Help with Barrel Tile Toof
There is an alternative method as an option.
It depends on whether or not all of the tiles are nailed or wired in place.
Lets presume the unlikely scenario. They are all nailed into the battens.
You can lift up the tile enoughg to start the nail getting pulled out of the decking and battens. To be able to lift one tile properly, you will also have to jack up the next tile that rests on the side overlap.
***An easy way to jack up the side adjoining tile and the tiles above the one being replaced, is to utilize several straight claw hammers and slide the claw portion under the one needing to be lifteed, until it get raised up high enough to continue the removal process.***
At this point, you can either try to continue wiggling the tile until the nail lets loose and frees up the tile or you can purchase a slate nail ripper, which is a long flat bar with an arrow shape at the tip, which allows the bar to be slid under the tiles but when pulled backwards, the angles portion of the ripper locks ontom the nail shaft. The handle of the ripping bar has two 90* bends in it and after the tip is locked onto the nail, you strike the vertical portion of the handle with a good wacking hammer blow.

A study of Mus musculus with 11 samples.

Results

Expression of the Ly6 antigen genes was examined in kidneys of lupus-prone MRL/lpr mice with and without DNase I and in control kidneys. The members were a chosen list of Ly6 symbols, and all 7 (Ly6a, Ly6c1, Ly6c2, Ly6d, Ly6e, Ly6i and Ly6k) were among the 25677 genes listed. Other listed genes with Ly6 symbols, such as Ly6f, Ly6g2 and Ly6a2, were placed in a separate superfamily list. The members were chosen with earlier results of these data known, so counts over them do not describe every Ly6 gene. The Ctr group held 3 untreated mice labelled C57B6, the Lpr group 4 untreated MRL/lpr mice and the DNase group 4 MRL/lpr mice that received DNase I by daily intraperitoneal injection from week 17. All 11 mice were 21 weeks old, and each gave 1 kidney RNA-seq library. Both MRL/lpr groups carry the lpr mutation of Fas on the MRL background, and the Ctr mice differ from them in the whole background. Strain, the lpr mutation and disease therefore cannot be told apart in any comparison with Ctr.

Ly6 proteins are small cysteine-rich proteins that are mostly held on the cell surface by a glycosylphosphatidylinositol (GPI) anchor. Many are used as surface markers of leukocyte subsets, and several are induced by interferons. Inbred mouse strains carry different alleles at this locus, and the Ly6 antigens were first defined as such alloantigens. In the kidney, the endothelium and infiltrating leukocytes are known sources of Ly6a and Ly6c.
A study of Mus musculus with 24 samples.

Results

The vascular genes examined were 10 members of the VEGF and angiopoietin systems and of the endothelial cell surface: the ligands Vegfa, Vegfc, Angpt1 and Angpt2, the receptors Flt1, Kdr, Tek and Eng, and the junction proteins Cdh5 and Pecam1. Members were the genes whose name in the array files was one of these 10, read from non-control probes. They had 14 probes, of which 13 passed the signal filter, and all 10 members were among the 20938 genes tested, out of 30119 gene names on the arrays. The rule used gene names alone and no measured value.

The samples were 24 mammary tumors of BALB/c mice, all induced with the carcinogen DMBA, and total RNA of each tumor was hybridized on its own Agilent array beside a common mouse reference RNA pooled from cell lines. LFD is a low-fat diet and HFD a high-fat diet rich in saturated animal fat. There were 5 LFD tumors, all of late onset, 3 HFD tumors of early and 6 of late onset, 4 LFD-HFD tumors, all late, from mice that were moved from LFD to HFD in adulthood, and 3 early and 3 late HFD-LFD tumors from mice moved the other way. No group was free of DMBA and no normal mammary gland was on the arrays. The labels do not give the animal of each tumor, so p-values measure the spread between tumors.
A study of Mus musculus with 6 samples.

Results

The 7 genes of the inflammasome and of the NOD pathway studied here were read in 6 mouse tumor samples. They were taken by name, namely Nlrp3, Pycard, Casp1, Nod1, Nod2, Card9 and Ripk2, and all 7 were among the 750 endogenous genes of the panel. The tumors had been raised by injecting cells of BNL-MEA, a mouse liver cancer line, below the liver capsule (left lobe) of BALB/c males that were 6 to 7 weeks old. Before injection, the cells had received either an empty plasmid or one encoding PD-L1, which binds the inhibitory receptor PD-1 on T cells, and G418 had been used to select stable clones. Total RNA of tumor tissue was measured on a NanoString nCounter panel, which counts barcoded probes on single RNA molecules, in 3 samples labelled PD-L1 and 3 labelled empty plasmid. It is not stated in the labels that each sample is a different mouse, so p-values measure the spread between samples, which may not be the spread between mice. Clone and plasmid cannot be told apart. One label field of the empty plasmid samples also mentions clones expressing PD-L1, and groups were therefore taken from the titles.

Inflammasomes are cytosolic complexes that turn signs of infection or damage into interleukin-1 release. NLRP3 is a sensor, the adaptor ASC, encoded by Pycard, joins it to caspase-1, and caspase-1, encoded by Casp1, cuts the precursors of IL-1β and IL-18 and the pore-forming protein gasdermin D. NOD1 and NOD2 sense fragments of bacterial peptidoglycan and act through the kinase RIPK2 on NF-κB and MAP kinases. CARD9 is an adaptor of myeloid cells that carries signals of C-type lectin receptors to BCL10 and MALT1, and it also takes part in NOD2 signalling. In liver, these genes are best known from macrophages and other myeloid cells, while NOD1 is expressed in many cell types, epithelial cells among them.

This will shear off the nail at the point of contact.
If their are locking hubs under the tile, they will be seated on the wooden batten board and will need to be manipulated so that you can easily slide the tile out of position. This action may require you to also jack up the tiles on the next row above the one you are removing, to relieve the contact commpression pressure from the head of the tile being removed.
Replacing the tiles just go in reverse sequence of the removal process. You will be unable to easily renial the new tile in place, but if proper securement is essential, then you can take on inch wide strips of 24 oz. copper and use copper nails to attach this strip to the decking under the removed tile. Then you leave enough of the "cleat" extending past the bottom butt edge of the tile so that it can be bent upwards verically and also backwards hoeizontally, to create a hanging bracket to ensure the tile does not slide down.
On the few calls I get for tile replacement, I get a minimum of $ 100.00 per tile, not including material costs, for each and every one required to be replaced with a minimum charge of $ 500.00.
You at least owe me a cup of coffee for this little trick.